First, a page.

Looking to start a Certified Nurses Aide career? In the U.S., a large percentage of our population is aging, and this can contribute to more opportunities for Certified Nurses Aides (CNAs) as people enter nursing homes and other healthcare facilities. This opens up many options for a certified nurses aide career as many of these jobs involve working with the elderly.

Oftentimes, elderly patients will live in nursing homes, long-term care facilities, and other assisted residences for many months or even years. The long-term nature of their stays can allow CNAs to develop long-lasting and rewarding relationships with their patients.

In addition to job opportunities with elderly patients, there are CNA opportunities in hospitals and other facilities which serve patients of all ages.

There is not one job title for a certified nurses aide career. Depending on the healthcare facility, a certified nurses aide could be called a hospital attendant, nurse’s assistant, or a different title altogether. Here are some of the job titles that you might find in your new field.

  • Certified Nurses Aide
  • Certified Nursing Aide
  • Certified Nursing Assistant
  • Certified Nurses Assistant
  • Nurses’ Assistant
  • Nurses’ Aide
  • Health Care Assistant
  • Hospital Attendant
  • Patient Care Technician
  • CNA Clinical Support Associate

Professional Settings

Careers as a Certified Nurses Aide are found in a variety of different healthcare institutions, such as hospitals and nursing homes. In most cases, CNAs are required to wear scrubs or a special uniform. In this role, you will be required to stand for a good part of your shift, and be energetic and active in serving your patients’ needs. You may need to work weekend hours or evening hours.

Below are some of the facilities where CNAs often work:

  • Nursing homes
  • Long-term care residences
  • Hospitals
  • VA hospitals or medical centers
  • Hospice facilities
  • Private residences

Employment Outlook

Each year the U.S. Department of Labor releases data on the estimated change in demand for a variety of careers. If you want to know about future projections for job growth among certified nurses aides, a useful resource is the U.S. Department of Labor’s Occupational Outlook Handbook.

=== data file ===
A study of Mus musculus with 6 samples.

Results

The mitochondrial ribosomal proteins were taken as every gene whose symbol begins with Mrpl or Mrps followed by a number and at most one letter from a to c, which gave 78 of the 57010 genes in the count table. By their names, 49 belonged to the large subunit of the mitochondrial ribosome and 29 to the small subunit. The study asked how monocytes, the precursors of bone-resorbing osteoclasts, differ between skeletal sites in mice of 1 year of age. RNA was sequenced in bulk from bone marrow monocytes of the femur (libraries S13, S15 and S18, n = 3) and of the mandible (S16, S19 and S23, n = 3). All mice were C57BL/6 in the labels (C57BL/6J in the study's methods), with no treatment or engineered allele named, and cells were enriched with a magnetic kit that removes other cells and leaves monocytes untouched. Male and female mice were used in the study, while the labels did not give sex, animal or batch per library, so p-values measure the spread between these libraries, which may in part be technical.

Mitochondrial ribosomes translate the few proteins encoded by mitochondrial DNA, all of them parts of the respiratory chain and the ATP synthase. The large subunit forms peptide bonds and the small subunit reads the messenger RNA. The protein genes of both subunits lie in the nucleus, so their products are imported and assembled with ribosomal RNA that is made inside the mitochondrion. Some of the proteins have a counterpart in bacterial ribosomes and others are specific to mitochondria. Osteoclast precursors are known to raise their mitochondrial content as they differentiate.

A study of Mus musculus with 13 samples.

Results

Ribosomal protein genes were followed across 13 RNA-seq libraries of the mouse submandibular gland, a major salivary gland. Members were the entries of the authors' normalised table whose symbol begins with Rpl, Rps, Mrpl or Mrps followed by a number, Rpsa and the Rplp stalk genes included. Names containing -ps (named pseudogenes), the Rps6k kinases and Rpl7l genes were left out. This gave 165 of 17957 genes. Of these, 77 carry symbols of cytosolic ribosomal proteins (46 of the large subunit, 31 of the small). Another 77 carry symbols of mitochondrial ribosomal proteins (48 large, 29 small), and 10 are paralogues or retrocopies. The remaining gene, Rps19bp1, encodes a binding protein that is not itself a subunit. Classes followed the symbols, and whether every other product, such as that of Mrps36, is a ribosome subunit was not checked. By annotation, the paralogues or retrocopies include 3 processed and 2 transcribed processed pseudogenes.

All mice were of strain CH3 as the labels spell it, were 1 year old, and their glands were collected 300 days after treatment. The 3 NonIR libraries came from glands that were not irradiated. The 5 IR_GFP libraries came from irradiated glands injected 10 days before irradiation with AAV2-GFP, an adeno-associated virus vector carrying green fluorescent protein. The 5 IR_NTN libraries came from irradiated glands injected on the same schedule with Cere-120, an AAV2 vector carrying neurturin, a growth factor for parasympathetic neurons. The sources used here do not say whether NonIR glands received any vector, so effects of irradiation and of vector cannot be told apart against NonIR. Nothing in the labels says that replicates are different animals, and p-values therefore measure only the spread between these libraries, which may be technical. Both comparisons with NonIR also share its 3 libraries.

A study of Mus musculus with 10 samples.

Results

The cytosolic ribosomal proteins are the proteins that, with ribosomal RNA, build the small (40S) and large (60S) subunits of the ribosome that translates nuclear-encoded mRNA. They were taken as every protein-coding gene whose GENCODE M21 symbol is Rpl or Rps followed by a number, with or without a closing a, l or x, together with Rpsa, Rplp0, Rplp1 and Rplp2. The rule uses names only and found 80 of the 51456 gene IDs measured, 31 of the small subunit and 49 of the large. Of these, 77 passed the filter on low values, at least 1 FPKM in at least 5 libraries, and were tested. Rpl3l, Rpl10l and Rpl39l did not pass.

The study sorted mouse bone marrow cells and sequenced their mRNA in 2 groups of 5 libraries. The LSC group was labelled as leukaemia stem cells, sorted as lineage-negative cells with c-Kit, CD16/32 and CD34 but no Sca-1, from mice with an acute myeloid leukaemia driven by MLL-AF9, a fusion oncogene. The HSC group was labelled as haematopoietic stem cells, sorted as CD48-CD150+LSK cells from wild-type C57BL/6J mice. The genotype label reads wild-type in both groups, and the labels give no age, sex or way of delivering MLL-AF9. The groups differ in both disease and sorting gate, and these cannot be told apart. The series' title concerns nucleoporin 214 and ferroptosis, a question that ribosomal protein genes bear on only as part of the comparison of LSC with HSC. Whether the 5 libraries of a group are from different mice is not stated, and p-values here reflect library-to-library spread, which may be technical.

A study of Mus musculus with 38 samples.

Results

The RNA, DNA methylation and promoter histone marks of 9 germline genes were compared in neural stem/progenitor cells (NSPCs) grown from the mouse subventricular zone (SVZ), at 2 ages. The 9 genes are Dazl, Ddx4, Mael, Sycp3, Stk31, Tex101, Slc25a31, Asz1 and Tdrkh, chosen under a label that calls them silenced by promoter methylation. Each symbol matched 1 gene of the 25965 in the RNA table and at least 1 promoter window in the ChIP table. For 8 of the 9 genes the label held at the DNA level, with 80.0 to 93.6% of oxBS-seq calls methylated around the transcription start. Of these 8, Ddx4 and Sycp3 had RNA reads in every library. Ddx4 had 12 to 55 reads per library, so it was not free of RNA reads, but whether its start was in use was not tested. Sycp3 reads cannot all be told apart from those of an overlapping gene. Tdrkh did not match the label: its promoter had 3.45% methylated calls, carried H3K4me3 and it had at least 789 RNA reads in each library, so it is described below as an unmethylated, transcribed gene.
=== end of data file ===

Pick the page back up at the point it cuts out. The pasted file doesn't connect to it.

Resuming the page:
This handbook predicts that employment of nursing aides, attendants, and orderlies will increase by 18 percent over the time span of 2014 to 2024. This rate is higher than average when considering all of the occupations shown in the handbook.

The handbook attributes this job growth to the increase in the elderly population. “Because of the growing elderly population,” the handbook says, “many nursing aides, orderlies, and attendants will be needed in long-term care facilities, such as nursing homes.”

Earnings/Salary for a Certified Nurses Aide Career

The wages of certified nurses aides differ based on a number of factors. Wages could be higher or lower based on your years of experience, your level of skills, and even your geographic location within the country. People early in their certified nurses aide career will usually earn less than those with more years of experience. As you gain more experience in the field and perform your job well, you can expect that your earnings will increase. The U.S. Department of Labor’s Occupational Outlook Handbook provides more details on potential earnings for CNAs.

Certifications

The CNA program at Harris is designed to prepare students to sit for the Connecticut Nurses Aide state exam. Students have to do well in their classes in order to earn the privilege of taking this exam at the Danbury campus. In order to qualify to take the exam, students must (1) earn at least a 75% grade point average on all tests, (2) attend all classes, (3) be in good standing. The certification exam is offered at the Danbury campus for an additional fee. The cost of the exam is not part of your tuition. Students are responsible for paying the exam fee.

After a student passes the certification exam, there are still more steps to take before the certification is complete. The student must submit an application to the Connecticut Nurses Aide Registry. Once on the registry, students are allowed to work as CNAs.